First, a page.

Is it Time to Cover Up?
We’ve all read about climate change, but have you considered what could happen to your company’s bottom line in the event of extreme weather conditions and temperatures?
If you work for a corporation that is dependent on crop commodities, for example, then the failure, delay or poor quality of that crop could damage profits.
The question is: what can you do about it?
Treasurers are coming round to the idea that it is possible and necessary to look at ways of measuring and hedging their exposure to weather risk using financial products. One German brewery found this out for itself in 2006 when a heat wave greatly damaged its barley crop. The supply of high quality barley used in traditional German beer fell from 1.6 million tons to 1.2 million tons resulting in a price rise of over 40%.
Companies working in food and brewing, agriculture, energy production, transport, tourism and entertainment, as well as construction, should all be aware of their weather risks.
“The derivative transaction can be a forward, future, swap or option contract.”
What is the size of the problem?
In 2008, WeatherBill, a San Francisco-based weather coverage provider, published some research that found countries with extreme temperature variations combined with high levels of mining and agricultural output are the most sensitive to the weather.
The research also identified the total weather sensitivity in US dollars by country. The US was found to have the largest total weather sensitivity, estimated at $2.5 trillion, or 23 per cent of the national economy. Western Europe (using figures from Germany, UK, France, Italy, Spain and The Netherlands) came a close second at $2.4 trillion.
This research confirms that the numbers at stake are high and should not be ignored by corporates, rating agencies, banks or other financial parties. Failure to hedge financial risks leads to lower ratings and can seriously penalise a company’s share price.
So what can be done?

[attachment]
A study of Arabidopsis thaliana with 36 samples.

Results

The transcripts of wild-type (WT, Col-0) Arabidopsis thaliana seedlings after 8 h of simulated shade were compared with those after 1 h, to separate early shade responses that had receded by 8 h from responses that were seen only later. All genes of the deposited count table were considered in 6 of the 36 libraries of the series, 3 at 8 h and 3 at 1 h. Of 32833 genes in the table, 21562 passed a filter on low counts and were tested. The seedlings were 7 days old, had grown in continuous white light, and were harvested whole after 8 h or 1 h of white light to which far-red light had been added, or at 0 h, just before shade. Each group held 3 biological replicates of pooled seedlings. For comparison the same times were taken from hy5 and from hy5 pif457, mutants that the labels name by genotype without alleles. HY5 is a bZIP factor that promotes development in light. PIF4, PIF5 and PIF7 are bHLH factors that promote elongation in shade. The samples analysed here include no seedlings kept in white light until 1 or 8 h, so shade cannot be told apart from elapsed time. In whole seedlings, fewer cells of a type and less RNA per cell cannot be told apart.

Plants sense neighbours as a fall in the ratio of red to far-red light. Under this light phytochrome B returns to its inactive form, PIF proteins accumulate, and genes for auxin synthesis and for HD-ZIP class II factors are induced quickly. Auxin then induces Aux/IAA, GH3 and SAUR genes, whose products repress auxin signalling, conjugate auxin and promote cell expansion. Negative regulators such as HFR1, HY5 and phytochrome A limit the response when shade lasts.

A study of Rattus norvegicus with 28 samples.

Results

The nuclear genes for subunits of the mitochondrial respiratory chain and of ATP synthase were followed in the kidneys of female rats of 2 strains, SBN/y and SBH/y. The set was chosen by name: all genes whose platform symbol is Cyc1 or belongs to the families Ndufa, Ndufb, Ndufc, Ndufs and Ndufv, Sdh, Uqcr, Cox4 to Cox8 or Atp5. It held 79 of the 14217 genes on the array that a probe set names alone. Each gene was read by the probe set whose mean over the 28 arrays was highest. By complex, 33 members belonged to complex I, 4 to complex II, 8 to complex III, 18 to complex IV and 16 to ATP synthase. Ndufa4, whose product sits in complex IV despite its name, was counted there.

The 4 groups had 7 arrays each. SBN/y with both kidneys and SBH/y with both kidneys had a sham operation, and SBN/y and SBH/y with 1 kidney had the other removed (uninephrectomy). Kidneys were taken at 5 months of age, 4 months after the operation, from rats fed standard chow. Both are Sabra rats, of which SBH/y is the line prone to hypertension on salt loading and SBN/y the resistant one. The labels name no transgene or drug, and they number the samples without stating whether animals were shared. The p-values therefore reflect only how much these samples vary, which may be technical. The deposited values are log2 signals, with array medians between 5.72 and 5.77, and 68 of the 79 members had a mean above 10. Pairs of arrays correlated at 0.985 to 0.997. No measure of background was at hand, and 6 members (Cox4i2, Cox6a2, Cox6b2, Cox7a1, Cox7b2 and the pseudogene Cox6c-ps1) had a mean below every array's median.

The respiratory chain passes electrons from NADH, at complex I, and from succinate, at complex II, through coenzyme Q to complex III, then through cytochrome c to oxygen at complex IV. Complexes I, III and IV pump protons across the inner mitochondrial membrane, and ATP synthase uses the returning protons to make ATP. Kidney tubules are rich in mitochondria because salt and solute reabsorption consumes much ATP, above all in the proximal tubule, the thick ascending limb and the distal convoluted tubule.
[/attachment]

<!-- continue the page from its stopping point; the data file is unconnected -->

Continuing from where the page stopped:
The first step is to measure your company’s exposure to the weather as accurately as possible and to establish a link between the weather and cash flows. Studying weather patterns from previous years and correlating these against turnover will help to form a picture. You will be surprised at just how much data is available on rainfall, temperatures and wind speed from organisations and trade bodies.
“The cash flows resulting from weather derivatives are based on weather conditions specified in the contract.”
It might also surprise you to discover that weather can be traded like any other financial instrument. Weather derivatives are bilateral futures contracts that are accounted for based on atmospheric conditions, wind speed or rain. Typically these instruments are used for managing the financial exposure of a company to weather conditions and this can include the financial gain or loss arising from movements of daily weather.
The cash flows resulting from weather derivatives are based on weather conditions specified in the contract. For instance, the company will receive a payment if the number of sunny days in a given period is less than 20. This might offset the loss that a brewing company will incur from a cold summer, for example.
The derivative transaction can be a forward, future, swap or option contract. Such products have been around for at least 10 years and are offered by banks, insurance companies and specialist providers such as SwissRe, RenaissanceRe and Galileo Weather Risk Management, to name but a few. Large insurance companies also offer policies covering financial loss due to adverse weather conditions.
In the last couple of years WeatherBill has begun to make a name for itself by selling coverage that pays out solely on the basis of weather measurements. Unlike an insurance contract, there is no claims process and no proof of loss is required. This service allows businesses of any size to price weather risk online.
In the past it was a very cumbersome process to hedge weather risk, and derivatives contracts were usually only available to very large companies able and willing to hedge millions of dollars.
Why the slow take up?
So, there are a number of cost effective ways of hedging weather, but some challenges remain. One obstacle is that many treasurers are just not aware of the products available and have not measured the potential weather risk for their company.
Another problem is in the accounting of weather risk hedging. Treasurers of public companies need to show that the purchase or sale of a derivative instrument is a true and fair hedge and not speculation. At the moment we have a situation where economics are dictating that weather needs to be hedged but, on the other hand, accounting boards have not yet caught up with this by generating standards to apply.
The IASB urgently needs to provide a set of procedures to account for weather exposures and weather hedging products.